By ROB HARRIS, Associated Press Writer
LIVERPOOL, England - Police arrested a third teenager Friday in the shooting of an 11-year-old boy whose death has confronted a shocked Britain with the problem of youth violence and gang culture.
The victim, Rhys Jones, was kicking a soccer ball around with friends Wednesday night when he was hit in the back of the neck by a bullet — reportedly fired by one of two youths riding by on a BMX bicycle. Police said they believed a long-barreled, black pistol was used.
Two youths, ages 14 and 18, were detained by police Thursday on suspicion of murder, and released on bail within hours. Assistant Chief Constable Patricia Gallan said a 16-year-old was arrested Friday.
Pictures of the dead boy and of his agonized mother, Melanie, appeared on the front pages of most national newspapers Friday. "Just what has gone wrong with our country?" the Daily Express asked in a headline.
[Real Liberal Christian Church comment: Your country has had neocons leading it in the wrong (violent, warmongering, greedy, selfish, depraved) direction. That's why you are suffering more internal violence. It will only worsen until you turn and repent.]
In television interviews, Home Secretary Jacqui Smith choked back tears in declaring that the government was seeking answers to the problem of youth crime.
"One of the things I am talking about with the prime minister Gordon Brown is where are people getting guns from? How are they getting here?" Smith said.
Britain outlawed the possession of handguns in 1997 in response to the massacre of 16 children, and the country has one of the lowest gun homicide rates in the world — 0.04 slayings per 100,000 people, according to the Geneva-based Small Arms Survey for 2004. The rate is roughly 100 times higher in the U.S.: 3.42 gun murders per 100,000 people.
Nonetheless, illicit guns are being smuggled into the country. And they continue to kill, with a recent peak of 97 gunshot deaths in 2001-02. There were 50 such deaths in 2005-06, according to the most recent government data.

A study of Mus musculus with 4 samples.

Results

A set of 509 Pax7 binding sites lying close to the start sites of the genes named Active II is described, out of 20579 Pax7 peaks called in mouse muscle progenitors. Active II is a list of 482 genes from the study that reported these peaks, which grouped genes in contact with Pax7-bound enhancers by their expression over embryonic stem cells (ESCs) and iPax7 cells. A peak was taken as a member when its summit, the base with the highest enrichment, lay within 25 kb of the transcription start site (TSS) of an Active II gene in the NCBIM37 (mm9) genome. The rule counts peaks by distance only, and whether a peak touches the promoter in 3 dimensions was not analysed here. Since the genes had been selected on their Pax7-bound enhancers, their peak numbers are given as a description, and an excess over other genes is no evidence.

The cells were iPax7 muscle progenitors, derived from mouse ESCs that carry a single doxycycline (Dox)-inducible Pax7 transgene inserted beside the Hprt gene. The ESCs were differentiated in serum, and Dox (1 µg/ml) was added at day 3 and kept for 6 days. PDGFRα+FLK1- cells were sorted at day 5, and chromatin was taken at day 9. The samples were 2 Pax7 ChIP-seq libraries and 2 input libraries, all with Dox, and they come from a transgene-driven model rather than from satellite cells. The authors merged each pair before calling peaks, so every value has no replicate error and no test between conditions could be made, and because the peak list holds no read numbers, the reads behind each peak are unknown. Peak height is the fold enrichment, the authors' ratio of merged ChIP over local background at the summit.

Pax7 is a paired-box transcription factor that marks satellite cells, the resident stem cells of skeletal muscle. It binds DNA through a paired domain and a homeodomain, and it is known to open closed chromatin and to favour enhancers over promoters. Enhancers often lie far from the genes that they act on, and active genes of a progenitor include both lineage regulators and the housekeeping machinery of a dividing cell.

[Real Liberal Christian Church comment: Changing hearts is the right path. End your militarism. Get out of the Empire business. Set the right example for your children. Right now, they are simply reflecting the evil (hardhearted) spirit of so-called adults.]
Police said there was no indication why Rhys was targeted, because he was not known to belong to any gang. He might have been a victim of mistaken identity or was accidentally shot by a teen trying to show off, a police official said, agreeing to discuss the case only if not quoted by name.
Gang violence in Britain is most often centered in bleak, gang-ridden neighborhoods with high unemployment, unlike Liverpool's working class Croxteth area where the boy was slain.
[Real Liberal Christian Church comment: Why are people left behind? The people of Croxteth are oppressed by the selfish and greedy (Capitalist) oligarchs of the world. Why isn't England a completely giving and sharing nation? Why doesn't it have the Commons anymore to feed the nation as it once did when it was considered free before the Norman Invasion by the spirit of selfishness (fiefdom builders)?
You need to reappraise your entire direction — the spirit you are following. Selfishness is degrading all the nations and the whole planet. It is disturbing the entire cosmos actually.]
Even before Rhys was shot down, killings of young people already were drawing increased attention. In London alone this year, seven youths have been fatally shot and 11 stabbed to death.
On Friday, neighbors, children and parents in the middle class community where Rhys lived streamed to the pub parking lot where he died. Many cards bore the simple question: Why?
"Good night and God bless son, till we meet again. All our love and kisses from mum, dad and Owen," read one message.
"When I look up to the sky and any tears that I cry, I will think of you," said another note from one of the victim's friends. A bouquet of blue and white flowers, the colors of his favorite soccer team, Everton, lay nearby.
The anguished parents shared their grief with the country in a televised news conference Thursday night.
"I then go to his room where he should be — he should be asleep — open his wardrobe. His school uniform that we have bought for senior school, his pens and pencils are there unopened," said his father, Stephen Jones, a 44-year-old store manager. "His calculator is there unopened, his shoes are still in the box. ... It's just horrific, your worst nightmare."
The Everton soccer team will wear black armbands during its home game Saturday against Blackburn and will join an expected crowd of 40,000 fans in a moment of silence to honor Rhys.
"We all here at the club have families of our own, and we cannot comprehend what you are going through," the team's captain, Phil Neville, said in a message to the boy's family.